The A's had no Choice but to become Gentry-fied.
The A's had no Choice but to become Gentry-fied.
Brian Kersey

On the surface, past performance seems like a truly excellent way to predict future performance. We do it all the time in relationships: "Well, you lied to me 4 days ago and then again yesterday. So...yeah, not really trusting you a whole lot tomorrow." But enough about why I'm sleeping on the couch this weekend.

In baseball, the past can help to predict the future -- sometimes. Lying doesn't really decline with age, but bat speed and fastball velocity can. When the Angels signed two superstars, Josh Hamilton and Albert Pujols, the players apparently had unfortunately had the tags ripped off that read, "Oh by the way, I'm just now taking a plunge from 'superstar' to 'utterly average player' on my descent into complete mediocrity." While we're on the subject, what is the obsession with people removing mattress tags? Is it some uniquely horrible crime the scope of which everyone but me understands? Is there a "Mattress Tag Unauthorized Removal" bureau in city's police department?

Here's where Billy Beane has been, and continues to be, so disciplined: The A's simply will not pay for past performance. They will pay only for predicted future performance. Never has this been more evident than this off-season.

Oakland didn't re-sign Bartolo Colon for 2013 because they were wowed by his 2012 results. They clearly felt he had at least one more good year left in his tank, and they were right. However, despite a better season in 2013 the A's avoided the Colon sweepstakes. Perhaps his elevated price tag was a factor and likely his desire for a multi-year deal was influential. But maybe also Colon's August "running out of, I mean, injury, yeah, that thing" scared Oakland, along with the increasing ticking time bomb that is Father Time -- Colon is entering his age 41 season and starting to push the boundaries of what his similar age peers have been able to accomplish.

In contrast, a pitcher possibly on the upswing is Scott Kazmir. Kazmir's overall stats in 2013 dwarfed Colon's, yet his second half numbers, his increased velocity, his K-rates, and his age all portend that 2014-15 could be very good years for Kazmir. And those are the years the A's are paying $22M to get.

Oakland got a lot of value from Grant Balfour, both as a set-up man and as a closer. And like Billy Koch, who parlayed some luck, some Houdini acts, some smoke and a few mirrors into a stellar season, Balfour is unlikely to live up to his next contract as well as he lived up to this one. In fact at age 36, he is not especially likely to be as effective a reliever going forward as the younger Jim Johnson -- not to mention Luke Gregerson, who might well be the best reliever of the three.

We have seen this before. Brandon McCarthy was terrific for the A's, yet Beane let him walk because he assessed that McCarthy might not be so effective in the future. Some of that probably related to McCarthy's injury history, some might even have revolved around coming back from the line drive/surgery. Arizona traded for what Trevor Cahill had done, and Oakland traded for what Jarrod Parker was going to do.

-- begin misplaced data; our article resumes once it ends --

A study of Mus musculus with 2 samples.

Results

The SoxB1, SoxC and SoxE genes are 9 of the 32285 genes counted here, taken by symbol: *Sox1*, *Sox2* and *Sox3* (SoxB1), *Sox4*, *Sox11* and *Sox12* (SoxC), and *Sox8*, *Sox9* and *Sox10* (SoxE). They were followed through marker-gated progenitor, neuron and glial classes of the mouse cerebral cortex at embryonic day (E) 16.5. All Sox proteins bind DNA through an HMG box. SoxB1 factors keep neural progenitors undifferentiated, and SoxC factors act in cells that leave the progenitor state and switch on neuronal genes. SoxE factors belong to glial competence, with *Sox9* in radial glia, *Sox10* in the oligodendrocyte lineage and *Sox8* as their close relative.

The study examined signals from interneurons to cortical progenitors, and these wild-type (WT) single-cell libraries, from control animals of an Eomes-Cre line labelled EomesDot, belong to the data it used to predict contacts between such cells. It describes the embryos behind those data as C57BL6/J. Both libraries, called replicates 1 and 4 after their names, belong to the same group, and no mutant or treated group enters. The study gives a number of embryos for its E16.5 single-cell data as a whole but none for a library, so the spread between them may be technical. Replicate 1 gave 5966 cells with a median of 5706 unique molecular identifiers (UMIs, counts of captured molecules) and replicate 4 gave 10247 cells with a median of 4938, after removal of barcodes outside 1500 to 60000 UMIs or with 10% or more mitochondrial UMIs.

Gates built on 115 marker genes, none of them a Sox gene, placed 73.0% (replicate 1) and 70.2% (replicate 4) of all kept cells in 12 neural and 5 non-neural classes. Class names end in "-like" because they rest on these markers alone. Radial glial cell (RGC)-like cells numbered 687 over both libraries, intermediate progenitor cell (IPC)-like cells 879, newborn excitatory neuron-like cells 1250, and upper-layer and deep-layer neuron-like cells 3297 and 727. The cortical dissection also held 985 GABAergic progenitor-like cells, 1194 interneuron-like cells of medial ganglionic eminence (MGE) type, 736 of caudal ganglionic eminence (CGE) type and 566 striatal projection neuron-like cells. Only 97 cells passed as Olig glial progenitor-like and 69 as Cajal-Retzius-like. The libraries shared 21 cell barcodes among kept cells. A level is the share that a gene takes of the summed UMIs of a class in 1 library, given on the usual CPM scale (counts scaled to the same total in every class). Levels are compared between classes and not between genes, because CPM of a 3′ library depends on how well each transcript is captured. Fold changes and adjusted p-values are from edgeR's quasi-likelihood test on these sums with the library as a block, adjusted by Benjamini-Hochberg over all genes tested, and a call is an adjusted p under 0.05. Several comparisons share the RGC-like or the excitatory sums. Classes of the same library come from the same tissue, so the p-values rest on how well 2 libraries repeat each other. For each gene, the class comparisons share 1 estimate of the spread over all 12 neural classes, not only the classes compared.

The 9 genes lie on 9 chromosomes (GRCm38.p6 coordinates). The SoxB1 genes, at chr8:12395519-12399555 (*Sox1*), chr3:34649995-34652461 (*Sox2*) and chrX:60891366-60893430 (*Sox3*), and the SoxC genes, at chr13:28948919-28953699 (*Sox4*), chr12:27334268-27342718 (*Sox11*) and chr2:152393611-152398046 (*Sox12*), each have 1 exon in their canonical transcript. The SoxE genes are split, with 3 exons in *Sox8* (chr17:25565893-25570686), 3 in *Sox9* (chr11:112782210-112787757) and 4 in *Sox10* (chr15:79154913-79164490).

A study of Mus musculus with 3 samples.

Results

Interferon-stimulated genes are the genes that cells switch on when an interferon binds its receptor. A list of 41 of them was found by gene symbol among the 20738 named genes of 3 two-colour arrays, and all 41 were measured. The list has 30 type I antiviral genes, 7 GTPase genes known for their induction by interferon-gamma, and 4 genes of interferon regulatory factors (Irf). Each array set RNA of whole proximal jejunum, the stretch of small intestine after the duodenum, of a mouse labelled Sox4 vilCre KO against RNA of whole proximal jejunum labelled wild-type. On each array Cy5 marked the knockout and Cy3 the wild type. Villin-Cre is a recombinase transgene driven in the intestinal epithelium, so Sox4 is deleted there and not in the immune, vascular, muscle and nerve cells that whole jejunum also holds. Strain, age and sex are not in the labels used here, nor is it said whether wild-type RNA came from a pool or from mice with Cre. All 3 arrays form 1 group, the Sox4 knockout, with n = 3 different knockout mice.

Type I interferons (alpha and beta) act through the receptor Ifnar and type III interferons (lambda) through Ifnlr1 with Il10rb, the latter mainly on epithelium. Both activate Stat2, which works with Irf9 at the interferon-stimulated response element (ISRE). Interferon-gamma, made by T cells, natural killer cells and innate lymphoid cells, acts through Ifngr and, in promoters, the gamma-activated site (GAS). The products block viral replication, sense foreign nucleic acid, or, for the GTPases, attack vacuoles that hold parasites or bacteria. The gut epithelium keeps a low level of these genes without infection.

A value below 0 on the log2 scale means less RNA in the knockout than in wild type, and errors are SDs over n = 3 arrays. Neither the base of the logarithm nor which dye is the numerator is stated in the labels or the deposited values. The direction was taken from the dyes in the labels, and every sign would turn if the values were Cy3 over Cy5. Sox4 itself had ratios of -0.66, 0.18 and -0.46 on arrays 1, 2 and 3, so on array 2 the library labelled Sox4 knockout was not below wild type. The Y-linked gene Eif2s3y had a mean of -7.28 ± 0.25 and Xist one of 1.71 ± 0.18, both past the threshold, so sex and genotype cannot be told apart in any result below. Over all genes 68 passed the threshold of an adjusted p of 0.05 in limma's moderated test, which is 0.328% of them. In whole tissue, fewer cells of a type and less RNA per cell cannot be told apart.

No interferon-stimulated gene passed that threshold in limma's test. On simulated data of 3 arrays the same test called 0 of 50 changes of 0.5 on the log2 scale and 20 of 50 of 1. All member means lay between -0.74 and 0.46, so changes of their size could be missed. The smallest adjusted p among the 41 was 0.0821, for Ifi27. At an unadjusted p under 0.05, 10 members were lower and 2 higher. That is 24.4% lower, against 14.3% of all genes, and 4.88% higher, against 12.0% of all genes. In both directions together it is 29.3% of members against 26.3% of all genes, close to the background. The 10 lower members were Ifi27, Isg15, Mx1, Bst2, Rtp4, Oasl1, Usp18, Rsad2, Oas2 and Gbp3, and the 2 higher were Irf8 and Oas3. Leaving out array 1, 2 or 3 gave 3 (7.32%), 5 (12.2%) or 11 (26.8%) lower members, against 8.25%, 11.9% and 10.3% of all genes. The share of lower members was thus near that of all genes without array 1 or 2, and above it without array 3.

It's actually remarkable how many times Beane has been able to replace excellent contributors with younger, cheaper, and better replicas. Mulder to Haren and Cahill to Parker are two examples, Colon to Kazmir and Balfour to Johnson/Gregerson potentially two more.

Did the A's violate this principle with the Choice-Gentry deal? Not really. Gentry isn't younger or cheaper, but he is better now and he will almost certainly be better in 2014. So the A's made a "win now" move that may hurt them in the longer run if Choice thrives. Perhaps it's even another example of not paying for "past performance" -- Choice's pedigree -- if Oakland feels his ceiling is more limited than they thought at the time of the draft. Or maybe it's just that you have to give up talent to get talent, and you don't always fleece the other team; sometimes you help each other, just in different ways.

I do want to address the Johnson trade, and the notion that $10M is too much to pay to a closer. I see it differently. I think that if Johnson were being paid a salary thought to be more reasonable to pay a reliever -- say, $6M -- it would have sounded like a great trade if the A's had sent "Jemile Weeks and $4M to the Orioles..." Think of it this way: The A's paid $4M for the right to get a quality closer at a reasonable salary and only give up Jemile Weeks. That's a kick-ass trade in my book.

Back to my main point (no, not the one about mattress tags). Is the best use of your money, however much of it you may have to work with, to pay Robinson Cano $240M into his 40s because, well, look at how great he was in his 20s? The A's just don't do that, not with their own players and not with free agents, not with $240M and not with $2.4M. They pay for what they think they are going to get, and that's the future. And as long as your front office can make decent projections, it works.

The great thing about the past is that you can predict it perfectly. The thing about the future is that it's what's actually going to happen.